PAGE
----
If you had a chance to taste one of our gluten-free beers, you know we like to play with the concept a little. Most of the gluten free beers out there are pretty mediocre, or well made but simply uninteresting. How many gluten-free pale ales do we really need? This lack of variety partially comes from a lack of variety in the raw materials. Sorghum extract is the main ingredient in most gluten free beers. There aren’t many easy ways to spice up the recipes from there, so most breweries seem to just add hops and call it a day.
I’ve been trying to move beyond this, to see what you can really achieve with gluten free raw materials. I started out by jumping straight into a style that I thought would actually compliment the few raw materials you can easily use, the saison style. This worked really well, as the flavor characteristics created by the yeast blend naturally with the sorghum extract, and I’d throw in some cane sugar and honey as well. I went one step further by experimenting with herbs and spices that I thought would further blend well with the existing flavors. I first did a lavender, vanilla, and grains of paradise gluten free saison. That’s one of my favorite recipes I’ve ever created. Next was the Norcal Winter gluten free saison with douglas fir tips, juniper berries, bay leaves, and some bright spicy hops.
The next step for me was to move to all-grain gluten free brewing. All grain gluten free brewing would open up many new possibilities in regards to raw materials. I’d no longer be stuck with the sorghum extract and adjunct, and would be free to use almost any gluten free source of starch: amaranth, quinoa, millet, buckwheat, corn, rice, etc.
However, all grain gluten free brewing presents some challenges. First is the fact that the grains are not malted and therefore lack sufficient diastatic power to convert their starch to yeast-edible sugars. Second is the absence of hulls or husks that would provide a natural filter bed, as barley hulls do. There’s plenty of other challenges but those are main ones I needed to overcome to make a successful gluten-free wort.
I purchased a grain mill with an adjustable gap. I did some experimentation to find the correct gap for each gluten free grain I was planning on using. Quinoa, millet, buckwheat. The corn comes cracked (grits) and the oats are flaked so no need to mill them. I toasted the oats for a bit to develop some flavor as well.
To overcome the lack of diastatic power in the non-malted grains, I turned to exogenous enzymes. I have a high temperature stable alpha-amylase enzyme, and a beta-amylase enzyme that would do the trick. The milled and flaked grains were mixed with water, brought to a boil with the high-temp stable alpha amylase enzyme, and held at about 90C for while. Then they were boiled again for further gelatinization. Then another 90C rest with more enzyme. I dropped the temp down to 60C, and added the beta-amylase enzyme. A 30 min rest and an iodine starch test came out only slightly positive. I figure the rest of the conversion would occur as I lauter.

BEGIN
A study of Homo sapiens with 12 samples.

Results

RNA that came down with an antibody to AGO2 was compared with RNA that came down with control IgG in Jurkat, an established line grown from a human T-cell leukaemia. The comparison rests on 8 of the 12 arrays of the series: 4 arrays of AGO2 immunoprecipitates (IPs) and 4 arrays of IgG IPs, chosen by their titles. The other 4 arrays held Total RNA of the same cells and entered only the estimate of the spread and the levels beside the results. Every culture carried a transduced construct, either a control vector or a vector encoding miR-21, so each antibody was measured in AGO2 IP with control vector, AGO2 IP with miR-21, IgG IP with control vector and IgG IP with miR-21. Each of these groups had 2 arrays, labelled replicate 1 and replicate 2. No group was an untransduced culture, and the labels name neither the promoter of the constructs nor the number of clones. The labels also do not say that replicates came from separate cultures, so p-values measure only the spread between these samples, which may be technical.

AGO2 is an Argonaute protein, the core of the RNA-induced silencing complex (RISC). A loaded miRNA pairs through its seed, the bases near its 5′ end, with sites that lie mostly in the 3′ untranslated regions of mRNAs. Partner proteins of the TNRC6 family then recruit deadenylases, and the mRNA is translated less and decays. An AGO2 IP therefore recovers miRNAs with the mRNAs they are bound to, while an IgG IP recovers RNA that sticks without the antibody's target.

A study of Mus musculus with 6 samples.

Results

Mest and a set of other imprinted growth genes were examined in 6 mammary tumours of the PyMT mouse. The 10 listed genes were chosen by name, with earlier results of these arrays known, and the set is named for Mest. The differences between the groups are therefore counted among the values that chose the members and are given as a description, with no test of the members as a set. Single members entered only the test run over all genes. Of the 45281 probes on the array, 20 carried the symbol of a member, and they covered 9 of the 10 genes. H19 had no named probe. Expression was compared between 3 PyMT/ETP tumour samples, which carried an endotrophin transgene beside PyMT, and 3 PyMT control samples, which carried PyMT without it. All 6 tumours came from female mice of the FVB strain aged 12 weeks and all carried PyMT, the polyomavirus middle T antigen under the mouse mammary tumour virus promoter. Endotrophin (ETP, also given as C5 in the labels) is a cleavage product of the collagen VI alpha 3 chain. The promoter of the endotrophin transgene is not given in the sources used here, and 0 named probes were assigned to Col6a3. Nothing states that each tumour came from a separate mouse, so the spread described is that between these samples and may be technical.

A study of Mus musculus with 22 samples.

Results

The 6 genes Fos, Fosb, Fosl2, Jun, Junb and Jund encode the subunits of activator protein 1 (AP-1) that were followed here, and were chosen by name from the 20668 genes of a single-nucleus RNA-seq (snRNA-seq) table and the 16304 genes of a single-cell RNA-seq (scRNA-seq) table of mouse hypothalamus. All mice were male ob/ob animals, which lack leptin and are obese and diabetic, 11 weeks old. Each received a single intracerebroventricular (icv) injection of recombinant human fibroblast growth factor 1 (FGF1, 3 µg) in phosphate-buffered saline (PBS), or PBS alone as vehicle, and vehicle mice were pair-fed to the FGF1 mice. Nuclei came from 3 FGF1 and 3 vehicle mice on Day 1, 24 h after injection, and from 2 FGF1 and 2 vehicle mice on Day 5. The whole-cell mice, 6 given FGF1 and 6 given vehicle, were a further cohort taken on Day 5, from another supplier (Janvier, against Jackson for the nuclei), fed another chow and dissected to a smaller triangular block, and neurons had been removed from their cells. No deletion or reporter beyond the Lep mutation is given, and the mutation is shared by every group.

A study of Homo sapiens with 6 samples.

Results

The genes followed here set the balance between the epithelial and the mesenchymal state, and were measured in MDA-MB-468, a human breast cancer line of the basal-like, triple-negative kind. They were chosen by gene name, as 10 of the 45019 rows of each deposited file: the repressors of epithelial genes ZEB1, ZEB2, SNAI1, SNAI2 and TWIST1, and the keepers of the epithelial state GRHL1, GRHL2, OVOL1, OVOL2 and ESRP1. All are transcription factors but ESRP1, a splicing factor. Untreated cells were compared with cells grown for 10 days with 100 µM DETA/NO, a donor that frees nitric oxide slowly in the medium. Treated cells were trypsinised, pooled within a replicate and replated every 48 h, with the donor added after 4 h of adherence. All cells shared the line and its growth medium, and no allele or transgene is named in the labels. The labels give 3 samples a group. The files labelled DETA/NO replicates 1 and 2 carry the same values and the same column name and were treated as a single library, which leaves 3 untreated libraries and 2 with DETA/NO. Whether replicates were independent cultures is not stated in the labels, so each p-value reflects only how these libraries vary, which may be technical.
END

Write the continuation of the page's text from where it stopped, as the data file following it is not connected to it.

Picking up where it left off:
The next challenge was to overcome the lack of hulls, and therefore the lack of a natural way to separate the wort from the spent grains. I approached this by using rice hulls. A few pounds of rice hulls in the mash/lauter tun, and in went the converted cereal mash. The rice hulls worked reasonable well to clarify the wort. I’d say it was a success given that it was the first try. The wort was still fairly turbid, but certainly much less so than the cereal mash itself. Another iodine starch test shows that the wort is starch negative!
I added some sorghum extract (ok, not quite full-grain now) to bring up the gravity, and proceeded as normal. A gluten free saison yeast in the cooled wort was left to do its thing.
An OG of 1.070 became an FG of 1.003 in about 10 days. That’s a dry saison! And pretty high ABV at 8.9% as well. I wasn’t expecting it to dry out quite that much. Apparently the enzymes really broken down the starch, leaving few dextrins. A saison yeast is typically a high-attenuator as well, so those two combined made for a very dry beer. Some things to play with there, to modify sugar profile and resulting fermentation.
So, first full grain gluten free beer is a great success. The process raised many questions and fostered lots of ideas, and there is a lot more fun experimentation ahead!